Russia has appealed for the UK to issue visas for relatives to visit Miss Skripal and her father Sergei in hospital.

Yulia Skripal has said her strength is “growing daily” after the nerve agent attack which left her and her father in intensive care.

Her first public comments since the March 4 attack were released shortly after Russian TV reported that she had contacted a relative in Moscow to say she and Sergei Skripal were recovering and that she would soon be discharged from hospital.

Russia has appealed for the UK to issue visas for relatives to visit the Skripals in hospital in Salisbury, where they are being treated for exposure to nerve agent Novichok.

Moscow has called a meeting of the United Nations Security Council to discuss the incident, with foreign minister Sergey Lavrov saying the UK has “legitimate questions” to answer about what happened.

But security minister Ben Wallace said it was “beyond reasonable doubt” that Russia was to blame for the attack, as the UK sought to maintain diplomatic pressure over the incident.

Ms Skripal’s statement was released as, at a 90-minute press conference at the Russian embassy in London, ambassador Alexander Yakovenko repeated Moscow’s denial of responsibility for the attack.

Foreign Secretary Boris Johnson’s claim that Russia maintained a stockpile of Novichok “likely for assassination” was “untrue… not supported by any evidence … unacceptable”, he said.

Mr Yakovenko denied that Russia had ever produced the nerve agent and said there were “a lot of suspicions” in relation to a string of deaths of Russian citizens in the UK over the past decade.

In her first statement since coming out of a coma, Yulia Skripal, 33, said: “I woke up over a week ago now and am glad to say my strength is growing daily. I am grateful for the interest in me and for the many messages of goodwill that I have received.”

In the statement released by the Metropolitan Police, she thanked healthcare workers at Salisbury District Hospital as well as “the people of Salisbury that came to my aid when my father and I were incapacitated”.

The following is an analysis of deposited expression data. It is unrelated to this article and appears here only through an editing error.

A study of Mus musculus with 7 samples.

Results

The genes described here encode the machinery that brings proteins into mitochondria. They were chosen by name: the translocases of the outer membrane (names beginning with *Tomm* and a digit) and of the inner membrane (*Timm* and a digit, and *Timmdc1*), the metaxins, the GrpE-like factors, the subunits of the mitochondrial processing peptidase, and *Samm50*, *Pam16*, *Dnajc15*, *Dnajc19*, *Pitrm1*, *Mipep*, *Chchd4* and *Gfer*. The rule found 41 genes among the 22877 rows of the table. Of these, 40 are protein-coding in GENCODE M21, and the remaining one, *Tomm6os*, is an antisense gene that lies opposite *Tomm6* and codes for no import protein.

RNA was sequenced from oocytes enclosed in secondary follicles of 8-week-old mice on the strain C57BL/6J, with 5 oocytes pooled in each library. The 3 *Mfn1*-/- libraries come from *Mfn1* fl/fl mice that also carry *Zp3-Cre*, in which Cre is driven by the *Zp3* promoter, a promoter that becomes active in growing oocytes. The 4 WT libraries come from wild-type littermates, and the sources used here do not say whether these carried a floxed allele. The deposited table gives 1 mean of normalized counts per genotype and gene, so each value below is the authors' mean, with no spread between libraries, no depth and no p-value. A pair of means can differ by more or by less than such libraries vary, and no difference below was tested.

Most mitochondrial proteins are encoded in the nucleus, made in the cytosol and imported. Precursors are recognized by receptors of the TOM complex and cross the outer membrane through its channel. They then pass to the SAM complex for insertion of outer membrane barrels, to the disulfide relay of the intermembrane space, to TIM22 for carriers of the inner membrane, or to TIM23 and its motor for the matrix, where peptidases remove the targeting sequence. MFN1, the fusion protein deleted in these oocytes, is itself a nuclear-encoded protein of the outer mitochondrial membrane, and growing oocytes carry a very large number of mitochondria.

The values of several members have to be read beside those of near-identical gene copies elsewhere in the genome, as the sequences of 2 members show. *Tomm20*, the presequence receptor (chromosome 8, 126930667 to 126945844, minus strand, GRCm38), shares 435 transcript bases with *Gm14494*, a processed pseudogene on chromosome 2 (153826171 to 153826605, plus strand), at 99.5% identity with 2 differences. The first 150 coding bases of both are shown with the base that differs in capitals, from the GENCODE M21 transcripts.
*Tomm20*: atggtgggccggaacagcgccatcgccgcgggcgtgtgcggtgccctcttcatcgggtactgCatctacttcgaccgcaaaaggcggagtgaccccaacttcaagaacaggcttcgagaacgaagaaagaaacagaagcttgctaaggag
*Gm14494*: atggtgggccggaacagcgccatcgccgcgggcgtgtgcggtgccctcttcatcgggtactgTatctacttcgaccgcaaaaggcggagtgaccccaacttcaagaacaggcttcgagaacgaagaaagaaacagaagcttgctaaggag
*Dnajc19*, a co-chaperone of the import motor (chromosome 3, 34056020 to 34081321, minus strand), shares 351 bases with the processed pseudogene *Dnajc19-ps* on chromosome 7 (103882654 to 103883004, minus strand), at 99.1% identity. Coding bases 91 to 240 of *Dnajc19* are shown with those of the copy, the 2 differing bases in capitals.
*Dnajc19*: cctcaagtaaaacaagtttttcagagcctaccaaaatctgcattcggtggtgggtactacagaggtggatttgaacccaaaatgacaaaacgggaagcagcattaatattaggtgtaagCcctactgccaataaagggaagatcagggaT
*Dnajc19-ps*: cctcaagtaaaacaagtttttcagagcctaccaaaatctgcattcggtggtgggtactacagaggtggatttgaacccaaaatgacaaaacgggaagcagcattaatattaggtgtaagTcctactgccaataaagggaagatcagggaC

And she said: “I am sure you appreciate that the entire episode is somewhat disorientating, and I hope that you’ll respect my privacy and that of my family during the period of my convalescence.”

Earlier, Russian media reported that Ms Skripal had told her cousin Viktoria that her father Sergei was “alright”, adding: “Everyone is recovering, everyone survived… No irreparable harm was done. That’s all, I will soon be discharged from the hospital.”

Mr Yakovenko said that Yulia’s sister had been waiting for two days for a visa to come to Britain to visit her in hospital.

“We believe this is a humanitarian case and we could expect that the visa would be issued as fast as possible,” he said. “Everything is in the hands of the British Government.”

On Wednesday, Russia lost a vote at the Organisation for the Prohibition of Chemical Weapons in The Hague on its demand for its experts to be involved in testing samples of the substance used in the Salisbury attack.


But Mr Yakovenko said the Western position had not won the support of most countries, with six of the 41 members backing Russia, 15 voting against – including the UK, US and several EU and Nato states – 17 abstaining, two absent and one not entitled to vote.

He said: “The majority of the world community is not supporting the Western approach.”

Mr Yakovenko said Russia would accept the findings of the OPCW investigation but wants to know who the experts are who are carrying
out the testing.

He said: “Of course we will accept the results but these results should be confirmed by the international community. So, we want to see who were the experts.

“Last time the team was headed by the British in Syria… and that was a real problem for us.”

Mr Yakovenko said Russia had suspicions about a string of deaths of its nationals in the UK over the past decade, including businessman Nikolai Glushkov, whose body was discovered in his south London home last month.

“We have a lot of suspicions about Britain,” said the ambassador. “If we take the last 10 years, so many Russian citizens died here in the UK under very strange circumstances…

“My question is ‘Why is it happening here?’”

Russian officials speaking after Wednesday’s OPCW meeting said they presented a “common sense” case and pointed to the “lies by Tony Blair” over Iraq as they criticised the intelligence about the attack.

But Mr Wallace told BBC Radio 4’s Today programme that comparisons to the flawed intelligence on weapons of mass destruction in Iraq were not valid.

“There’s no missing nerve agent that no-one can find – it was used in Salisbury, we had three people seriously ill, two obviously remain in hospital in critical condition, and there is no doubt that we have found nerve agent,” he said.

“That nerve agent has been identified to being manufactured we believe in Russia and we believe that the nerve agent, the Novichok type of nerve agent, is only capable of being produced by a nation state, and then we add that to intelligence we hold, we add that to some of the police investigation that’s going on right now, and we can say that roads lead to Russia, that we are beyond reasonable doubt of the view that the Russian state is behind this.”